Sunday, November 27, 2022

Farewell, Yellow Brick Road


I just finished watching Elton John Live: Farewell from Dodger Stadium.
My heart is full and I shed more than a few tears as I watched. Elton John has been a huge musical influence in my life. 

I started playing the piano when I was six years old. A lot of little girls in my hometown took piano lessons, though only a few stuck with it for more than a couple of years or so. It just wasn't cool to play the piano.

Not that anybody teased me or bullied me for playing! But very few friends really noticed ... it's funny that, as important as piano was to me -- after all, piano lessons took up ten years of my life and by the time I was a senior in high school I was practicing up to six hours a day -- as important as piano was in my life, there have been former classmates who have been surprised to learn that I am a musician!

Elton John showed me that there was potential for a pianist beyond the classical concert stage or church musician or piano teacher. I've since realized that there were other examples all along: Thelonious Monk and Duke Ellington became famous in the world of jazz long before I was born. Scott Joplin's brand of ragtime music was occasionally heard in old TV westerns and became wildly popular for a period because of "The Sting." There was Jerry Lee Lewis ... but I could never envision myself playing his style of music.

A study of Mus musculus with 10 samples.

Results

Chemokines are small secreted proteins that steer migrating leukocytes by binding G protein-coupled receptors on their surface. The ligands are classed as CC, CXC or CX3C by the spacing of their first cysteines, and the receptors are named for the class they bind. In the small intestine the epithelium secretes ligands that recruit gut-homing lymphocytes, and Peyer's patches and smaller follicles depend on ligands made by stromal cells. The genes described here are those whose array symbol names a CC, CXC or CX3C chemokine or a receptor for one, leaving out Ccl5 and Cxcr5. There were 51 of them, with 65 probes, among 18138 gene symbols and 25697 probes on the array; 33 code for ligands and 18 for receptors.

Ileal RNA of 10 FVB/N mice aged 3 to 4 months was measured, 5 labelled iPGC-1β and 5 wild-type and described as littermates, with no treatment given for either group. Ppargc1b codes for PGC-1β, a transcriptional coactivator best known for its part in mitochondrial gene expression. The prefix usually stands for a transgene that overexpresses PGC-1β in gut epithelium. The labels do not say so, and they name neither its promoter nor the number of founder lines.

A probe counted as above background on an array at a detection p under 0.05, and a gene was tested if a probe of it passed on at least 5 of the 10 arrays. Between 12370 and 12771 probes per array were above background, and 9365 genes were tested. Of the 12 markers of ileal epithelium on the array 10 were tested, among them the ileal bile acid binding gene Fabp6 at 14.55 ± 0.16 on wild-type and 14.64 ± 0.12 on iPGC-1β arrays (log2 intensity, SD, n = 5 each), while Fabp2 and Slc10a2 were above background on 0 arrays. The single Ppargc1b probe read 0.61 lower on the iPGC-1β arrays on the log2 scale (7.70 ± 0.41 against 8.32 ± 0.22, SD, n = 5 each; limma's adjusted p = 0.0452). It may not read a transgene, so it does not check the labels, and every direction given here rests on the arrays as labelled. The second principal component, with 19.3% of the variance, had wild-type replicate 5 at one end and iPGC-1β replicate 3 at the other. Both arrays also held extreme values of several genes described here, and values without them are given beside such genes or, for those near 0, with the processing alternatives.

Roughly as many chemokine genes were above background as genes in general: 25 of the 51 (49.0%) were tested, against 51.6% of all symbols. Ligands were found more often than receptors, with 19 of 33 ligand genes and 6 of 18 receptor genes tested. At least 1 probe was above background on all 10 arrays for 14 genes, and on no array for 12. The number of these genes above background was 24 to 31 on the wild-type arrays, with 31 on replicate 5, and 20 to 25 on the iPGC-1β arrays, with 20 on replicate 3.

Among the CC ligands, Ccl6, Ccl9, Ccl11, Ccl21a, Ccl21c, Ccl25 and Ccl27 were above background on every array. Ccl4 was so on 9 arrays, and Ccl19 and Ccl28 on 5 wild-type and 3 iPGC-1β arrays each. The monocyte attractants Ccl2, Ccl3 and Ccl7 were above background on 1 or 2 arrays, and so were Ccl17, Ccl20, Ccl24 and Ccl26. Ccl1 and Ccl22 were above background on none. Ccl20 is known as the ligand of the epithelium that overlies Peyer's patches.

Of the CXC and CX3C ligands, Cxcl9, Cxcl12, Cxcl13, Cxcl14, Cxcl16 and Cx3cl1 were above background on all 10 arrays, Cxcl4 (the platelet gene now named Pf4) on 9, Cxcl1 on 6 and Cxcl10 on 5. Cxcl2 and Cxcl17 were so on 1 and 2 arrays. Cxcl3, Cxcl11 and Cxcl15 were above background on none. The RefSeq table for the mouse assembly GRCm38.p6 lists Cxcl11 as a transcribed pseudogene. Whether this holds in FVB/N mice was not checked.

It was Elton John, with his arpeggiated chords, and unconventional voicings and bass lines, and rhythms that helped me to better understand the piano as percussion instrument, who fired my imagination for possibilities. From the moment that I heard his first single, "Your Song," I was hooked. 

I'd never abandon all the Bach and Beethoven and Chopin that I'd studied for so many years. They are such an excellent foundation for any type of music that one may wish to pursue! And though Elton John was my first "piano hero" from the world of popular music, there are others ... right up there is Billy Joel, who incorporated Beethoven into one of his own songs; and to an extent Barry Manilow, who borrowed from Chopin to compose his hit "Could It Be Magic." Stevie Wonder and Freddy Mercury and Paul McCartney and Carole King and Alicia Keys have all since impressed me in their use of the piano.

But Elton John's my favorite. I've seen him in concert several times -- twice with Billy Joel, and what a treat for me! -- and I'll probably watch this Disney+ presentation a couple more times before they pull it into the vault. 

Thank you, Sir Elton. You'll never know me, but you've influenced me more than you could ever know.